7 JANUARY, 2010 | WRITTEN BY AMBER NASLUND
If you’ve designs on making an impact on the web for your work, do yourself (and your business) a favor.
Improve your writing skills.
Just because Twitter is only 140 characters doesn’t mean that spelling, grammar, and clarity don’t matter. In fact, I’d argue they matter more because you’re communicating in such a compact package, and you’ve only a moment to make an impression (or break it). You can still make your Facebook updates coherent and well-composed. And by all means, if you’re blogging, you’d better be working on the fundamental skill that helps you articulate your thoughts.
And please note: I’m not suggesting that everyone needs to be a Paulo Coelho and write staggeringly beautiful prose like he does (oh, how I wish). But you can and should be paying attention to fundamental writing and communication skills. Spell things correctly. Use clear vocabulary. Understand grammar rules. Stop using adolescent abbreviations as you would in a text message. If you can’t spare the characters to spell out the word “you” in your updates, you’re using too many words, and it looks lazy.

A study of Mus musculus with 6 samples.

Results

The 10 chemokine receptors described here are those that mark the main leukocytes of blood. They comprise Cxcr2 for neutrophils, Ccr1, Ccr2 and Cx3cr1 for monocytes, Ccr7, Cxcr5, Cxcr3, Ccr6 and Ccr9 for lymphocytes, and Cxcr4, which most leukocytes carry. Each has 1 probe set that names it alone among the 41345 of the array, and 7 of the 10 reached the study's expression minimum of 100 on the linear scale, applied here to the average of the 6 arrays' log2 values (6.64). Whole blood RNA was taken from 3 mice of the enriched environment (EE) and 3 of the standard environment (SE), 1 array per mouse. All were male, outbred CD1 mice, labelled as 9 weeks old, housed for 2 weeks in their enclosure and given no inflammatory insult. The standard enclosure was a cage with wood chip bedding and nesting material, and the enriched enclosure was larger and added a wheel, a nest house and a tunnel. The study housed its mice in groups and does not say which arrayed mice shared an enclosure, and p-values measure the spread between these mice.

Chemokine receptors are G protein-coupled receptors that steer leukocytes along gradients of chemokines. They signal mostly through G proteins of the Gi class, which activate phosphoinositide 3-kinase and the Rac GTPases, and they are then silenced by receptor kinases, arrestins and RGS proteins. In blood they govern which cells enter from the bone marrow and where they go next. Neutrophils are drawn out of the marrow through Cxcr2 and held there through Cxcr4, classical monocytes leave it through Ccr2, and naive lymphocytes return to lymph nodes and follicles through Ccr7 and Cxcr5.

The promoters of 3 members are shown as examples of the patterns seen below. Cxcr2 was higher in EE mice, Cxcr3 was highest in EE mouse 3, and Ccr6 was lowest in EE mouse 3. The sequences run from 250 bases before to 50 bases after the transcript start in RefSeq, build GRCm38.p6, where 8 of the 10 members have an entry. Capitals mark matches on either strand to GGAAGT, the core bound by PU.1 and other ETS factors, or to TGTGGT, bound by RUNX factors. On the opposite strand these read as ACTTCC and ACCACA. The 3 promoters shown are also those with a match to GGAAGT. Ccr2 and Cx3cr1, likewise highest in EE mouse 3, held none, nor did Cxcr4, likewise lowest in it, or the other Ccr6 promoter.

Whether you like it or not, your participation in social media – whatever your ultimate goal – makes you a communicator by practice, if not by profession. It is to your benefit to constantly hone your written communication skills.
A few ways to do that:
- Get a copy of Strunk and White’s Elements of Style. It’s a classic, and gives you the fundamentals you need.
- Read. Read lots. The more you read good writing, the more your writing will reflect what you absorb. Not sure what good writing is? The more you read, the more you’ll learn.
- Subscribe to Copyblogger and Men With Pens. Heed their writing guidance.
- If you’re often confused by some English usage (things like their vs. there, lie vs. lay, or its vs. it’s),I love Paul Brians’ Common Errors in English Usage.
- When in doubt, look it up.
Writing is a skill that can be taught, refined, and improved. And the written word is still a powerful tool. Learn to wield it well.